Teens and young people

Family Conflict

After all, growing up is nothing but an argument with your parents on the topic of whether or not you are grown. You scream ‘am so am so am so’ from the moment you’re born, and they fire back ‘are not are not are not’ from the moment they’ve got you, and on it goes until you can say it loudest.Catherynne M. Valente, The Girl Who Soared Over Fairyland and Cut the Moon in Two

Sometimes a family can feel a bit like a battleground.  Kids upset and angry with parents, parents disagreeing with each other, siblings at war and parents feeling hurt and angry. Every family handles these conflicts differently. In some families, people give each other the ‘silent treatment’, avoiding each other and refusing to talk. In other families voices are raised, words are used to hurt and wound. Sometimes things can get so heated that family members become physically violent towards each other. In every family there are disagreements, and times when we don’t get along. But for some families the conflict is continual and ongoing, causing distress for kids and parents alike.

What causes conflict in families?

Of course the specific reasons for conflicts are different in every family, but here are some of the common driving factors:

  • Change is difficult. As we have discussed elsewhere, our teenage years are when we start learning to become independent and separate from our parents. Conflicts occur when we can’t agree on the pace of the change – typically teens want independence faster than parents!
  • We take each other for granted. Let’s face it. We know that our parent, sibling, partner or child will put up with the kind of behaviour that a friend or acquaintance never would. Shouting, hitting and verbal abuse are unacceptable behaviours that will get you into trouble and cost friendships. But family members will often continue to love you despite these behaviours, meaning that there are not the same consequences if you engage in this kind of conflict at home.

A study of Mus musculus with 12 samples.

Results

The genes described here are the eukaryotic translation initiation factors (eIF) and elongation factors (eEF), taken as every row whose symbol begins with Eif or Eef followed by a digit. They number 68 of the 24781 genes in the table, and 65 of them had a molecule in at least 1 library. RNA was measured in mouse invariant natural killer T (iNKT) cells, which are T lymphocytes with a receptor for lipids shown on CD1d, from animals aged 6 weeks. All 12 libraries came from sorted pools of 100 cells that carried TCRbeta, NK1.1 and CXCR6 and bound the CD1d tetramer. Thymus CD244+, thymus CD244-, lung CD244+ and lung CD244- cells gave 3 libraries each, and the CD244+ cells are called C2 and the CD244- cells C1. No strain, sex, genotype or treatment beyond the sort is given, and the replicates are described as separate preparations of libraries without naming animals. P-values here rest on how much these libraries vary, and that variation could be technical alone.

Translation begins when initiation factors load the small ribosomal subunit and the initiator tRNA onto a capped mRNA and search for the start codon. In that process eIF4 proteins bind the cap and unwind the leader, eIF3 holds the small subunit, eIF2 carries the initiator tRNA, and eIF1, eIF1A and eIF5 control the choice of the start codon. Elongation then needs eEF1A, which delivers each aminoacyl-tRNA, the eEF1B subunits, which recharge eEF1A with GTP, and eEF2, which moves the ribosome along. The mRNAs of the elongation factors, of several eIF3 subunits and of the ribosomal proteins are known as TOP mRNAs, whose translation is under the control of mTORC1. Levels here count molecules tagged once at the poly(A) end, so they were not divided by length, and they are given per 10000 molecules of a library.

• Things aren’t going well in other parts of our lives. Stress and unhappiness can be a driving factor for conflict at home. If you are experiencing problems such as bullying, workplace harassment, poor health or relationship problems, it can mean that you are more easily irritated and less able to manage minor disagreements.
  • We have stopped listening to each other. Being in conflict with a family member is sometimes upsetting and hurtful. Accusations are made. You can feel under attack. Often we become so busy defending ourselves and preparing a counter attack that we stop listening to is being said and we therefore miss opportunities to resolve things.

What can we do about it?

Here are some things that both teens and parents can do when they find themselves in conflict:

  • Learn how to argue, negotiate and compromise. We don’t have to agree all the time, in fact that is probably impossible. But as a family we need to practice arguing more efficiently! This involves talking respectfully to each other, taking turns and listening to each other, brainstorming solutions and learning how to compromise.
  • Take another perspective. It is useful to ask yourself “Would I say this to a friend’s Mum or Dad?’ ‘Would I say this to a friend’s child?’ If the answer to this question is ‘no’, then think twice about saying to your family member. Sometimes it isn’t the content of what you are saying but the way you are saying it that needs to change. And changing the way you speak can work wonders in helping you get your point across.
  • Quarantine the argument. You may disagree with your family member over one important issue… but that doesn’t make them the enemy. In fact there may be many other areas where you agree, and there may be times when you enjoy each other’s company. It is important to maintain the positive aspects of your relationship, continuing to show praise and appreciation for each other despite your disagreements.

How seeing a psychologist can help

We love working with parents and kids to build strong, resilient families. We take a neutral stance, meaning that we are not on any one person’s ‘side’. We work with kids and adults to help them change behaviours (such as shouting and hitting) which are damaging their relationships. Our role is to help family members better understand each other, to work on their ‘arguing skills’, and to rediscover the joy in their family.